Driven by an urge to downsize, the writer Nicholas D. Hayes and his wife, Angela, snapped up a 960-square-foot Frank Lloyd Wright-designed American-System Built Home in Shorewood, WI.
In 2016, he and his family moved into the two-bedroom, one-bathroom home just north of Milwaukee. Built in 1917, the home’s small footprint was what lured them in. But Hayes was captivated when he learned that the home—known as the Elizabeth Murphy House—was designed by a star architect.
From there, Hayes began his own research into Wright’s lesser-known American System-Built Home designs. These homes were intended to be built as beautiful and affordable housing for the working class, but the project fizzled out amid a dispute with the developer, Arthur L. Richards.
Of the 128 designs and seven models for homebuyers to choose from, only 25 homes were ever built. Just 12 still stand today—including Hayes’ residence.
Hayes’ recently published book, “Frank Lloyd Wright’s Forgotten House: How an Omission Transformed the Architect’s Legacy,” unravels the story of why Wright never spoke publicly about the American System-Built Homes, and discusses what it’s like to live in one today.
What attracted you to this home?
We were attracted to the proportions. … We didn’t plan to buy a home designed by Frank Lloyd Wright. Instead, we hoped to downsize—to shrink our responsibilities and burdens. But no other small home we toured did what Wright’s Elizabeth Murphy House does, so we knew when we stepped inside that we had to become its stewards.
What was your knowledge of Wright before moving into your home?
Wright was a master artisan on the spatial plane—a planner of personal experiences—so living here is an education.
Every day, we’re surprised by another element meant to dignify, simplify, and improve day-to-day living.
For example, Wright called the home’s dining area a “nook” and designed it to be modular, and to scale up when necessary. It can be organized like a restaurant booth for a quick, close-up family meal—or expanded to host and feed a large party with many guests.
The result is that dining as a function can flex depending on your plans, and when it’s small, the rest of the home feels much larger. It took us almost a year of living here before we understood this ultramodern feature in our century-old space.
What are some key tenets of Wright’s designs in your home?
Wright’s quest to design modest living spaces for working-class Americans directly reflected lessons he learned in Italy and in Japan, where sparsity, ample natural light, and a flowing, open floor plan would make a small space seem big; open seem private; and utility seem luxurious.
Most important, Wright designed this home to welcome visitors and foster kindness and sharing.
For example, guests are not greeted at our front door or foyer, but instead, are invited to follow a “path of discovery” that winds to the center of the home, where greetings are shared and a deeper conversation begins naturally.
Wright believed that folks of modest means were welcoming and friendly—so he designed their homes to do the same.
How does Wright’s American System-Built Home continue to fit into the designs of today?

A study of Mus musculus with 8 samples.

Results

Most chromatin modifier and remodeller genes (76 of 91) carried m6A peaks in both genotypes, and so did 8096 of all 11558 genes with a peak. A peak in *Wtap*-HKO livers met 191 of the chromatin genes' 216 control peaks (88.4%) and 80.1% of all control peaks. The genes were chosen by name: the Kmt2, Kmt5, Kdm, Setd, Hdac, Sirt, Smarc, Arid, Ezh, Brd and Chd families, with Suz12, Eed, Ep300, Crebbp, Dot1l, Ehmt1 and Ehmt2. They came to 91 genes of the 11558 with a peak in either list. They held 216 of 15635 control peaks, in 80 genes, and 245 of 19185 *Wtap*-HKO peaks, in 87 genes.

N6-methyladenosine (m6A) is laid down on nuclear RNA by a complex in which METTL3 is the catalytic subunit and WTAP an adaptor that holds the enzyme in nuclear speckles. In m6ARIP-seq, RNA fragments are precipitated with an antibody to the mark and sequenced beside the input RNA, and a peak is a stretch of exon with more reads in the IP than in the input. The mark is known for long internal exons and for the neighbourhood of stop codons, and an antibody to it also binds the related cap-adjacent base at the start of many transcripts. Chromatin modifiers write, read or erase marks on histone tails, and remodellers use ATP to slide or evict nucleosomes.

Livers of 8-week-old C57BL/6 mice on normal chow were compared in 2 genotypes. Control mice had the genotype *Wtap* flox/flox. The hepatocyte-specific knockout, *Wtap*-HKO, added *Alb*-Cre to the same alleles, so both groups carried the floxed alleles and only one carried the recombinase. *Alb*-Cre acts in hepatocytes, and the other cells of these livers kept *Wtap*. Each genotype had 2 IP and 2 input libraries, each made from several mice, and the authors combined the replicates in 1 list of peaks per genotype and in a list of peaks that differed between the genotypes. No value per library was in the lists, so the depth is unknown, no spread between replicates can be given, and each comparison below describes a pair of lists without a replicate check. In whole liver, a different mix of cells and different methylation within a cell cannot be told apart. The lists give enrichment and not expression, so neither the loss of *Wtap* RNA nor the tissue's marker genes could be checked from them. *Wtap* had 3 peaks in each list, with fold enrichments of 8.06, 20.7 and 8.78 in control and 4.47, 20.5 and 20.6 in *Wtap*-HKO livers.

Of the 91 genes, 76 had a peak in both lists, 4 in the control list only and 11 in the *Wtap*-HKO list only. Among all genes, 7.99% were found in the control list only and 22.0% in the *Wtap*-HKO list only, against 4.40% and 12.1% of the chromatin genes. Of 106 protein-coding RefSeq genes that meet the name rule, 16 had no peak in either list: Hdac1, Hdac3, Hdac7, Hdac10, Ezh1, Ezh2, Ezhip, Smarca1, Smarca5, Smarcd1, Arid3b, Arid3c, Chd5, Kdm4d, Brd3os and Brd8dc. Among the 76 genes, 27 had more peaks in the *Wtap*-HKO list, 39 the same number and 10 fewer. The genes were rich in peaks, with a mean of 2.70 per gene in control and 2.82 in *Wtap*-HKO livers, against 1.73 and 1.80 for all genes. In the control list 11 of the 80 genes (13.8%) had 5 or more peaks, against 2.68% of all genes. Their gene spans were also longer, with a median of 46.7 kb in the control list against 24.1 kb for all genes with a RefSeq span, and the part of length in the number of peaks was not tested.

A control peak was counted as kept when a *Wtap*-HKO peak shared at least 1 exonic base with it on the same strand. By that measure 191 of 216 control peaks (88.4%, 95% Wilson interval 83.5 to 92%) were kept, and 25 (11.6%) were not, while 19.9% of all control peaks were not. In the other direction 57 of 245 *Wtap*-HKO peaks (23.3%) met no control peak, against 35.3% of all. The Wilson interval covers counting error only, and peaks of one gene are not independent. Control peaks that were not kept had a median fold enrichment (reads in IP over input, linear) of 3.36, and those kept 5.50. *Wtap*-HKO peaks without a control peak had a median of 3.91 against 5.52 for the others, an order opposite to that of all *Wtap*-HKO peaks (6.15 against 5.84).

Unfortunately, Wright’s American System-Built Homes project, while a giant personal and studio effort, was short-lived and has been difficult for historians to characterize.
Due to a falling-out with Richards, Wright didn’t speak of the work after winning the lawsuit that canceled [the project].
So in effect, Wright’s cover-up is one of the reasons that many American System-Built Homes [ASBH] were lost or forgotten.
That said, American System-Built concepts still influence urban and suburban planning today.
For example, the portfolio [of ASBH designs] includes two- and three-story multifamily apartments; tall and slender single-family urban homes; split-level single-family homes; bungalows; cottages; and Prairie Style designs like the Elizabeth Murphy House, which inform the American Ranch and midcentury modern styles that would come later.
Wright’s ASBH work set the stage for the way most middle-class Americans live today.
In downsizing, what did you learn about your relationship to belongings and perhaps how Wright intended the occupants of American System-Built Homes to live?
We learned that with fewer things to care for, we have more time for family, friends, and fun things like studying history and writing about it.
What did you learn about Wright after embarking on the book’s research that you want readers to take away?
Wright loved celebrity. The attention he attracted—and continues to attract—verges on mythologic. But at his core, he was a humanist and an idealist. He wanted to be understood as an artist whose work would improve lives.
While most studies of Wright focus on large-scale works and innovations, his lifelong quest to democratize architecture is among his most endearing qualities. The Elizabeth Murphy House—the last completed American System-Built Home—marks the end of his first failed experiment in this journey and lit his path from there on.
Why do you think Wright never spoke publicly about the American System-Built Homes?
The disagreements between Richards and Wright were profound. Richards wanted to build and sell as many houses in as many locations and as fast as possible.
Wright wanted to ensure quality craftsmanship while planning entire neighborhoods of differentiated but symbiotic designs.
Wright’s young assistant, the newly graduated Russell Barr Williamson, was caught in the middle, creating drawings and organizing materials and instructions while being pulled in two directions by the partners.
By the time Wright sued Richards, he had recognized that key elements of his designs were being compromised by the other two men, so he decided to omit the homes from the historical record, as a way of preserving his reputation. This is the story I tell in my book.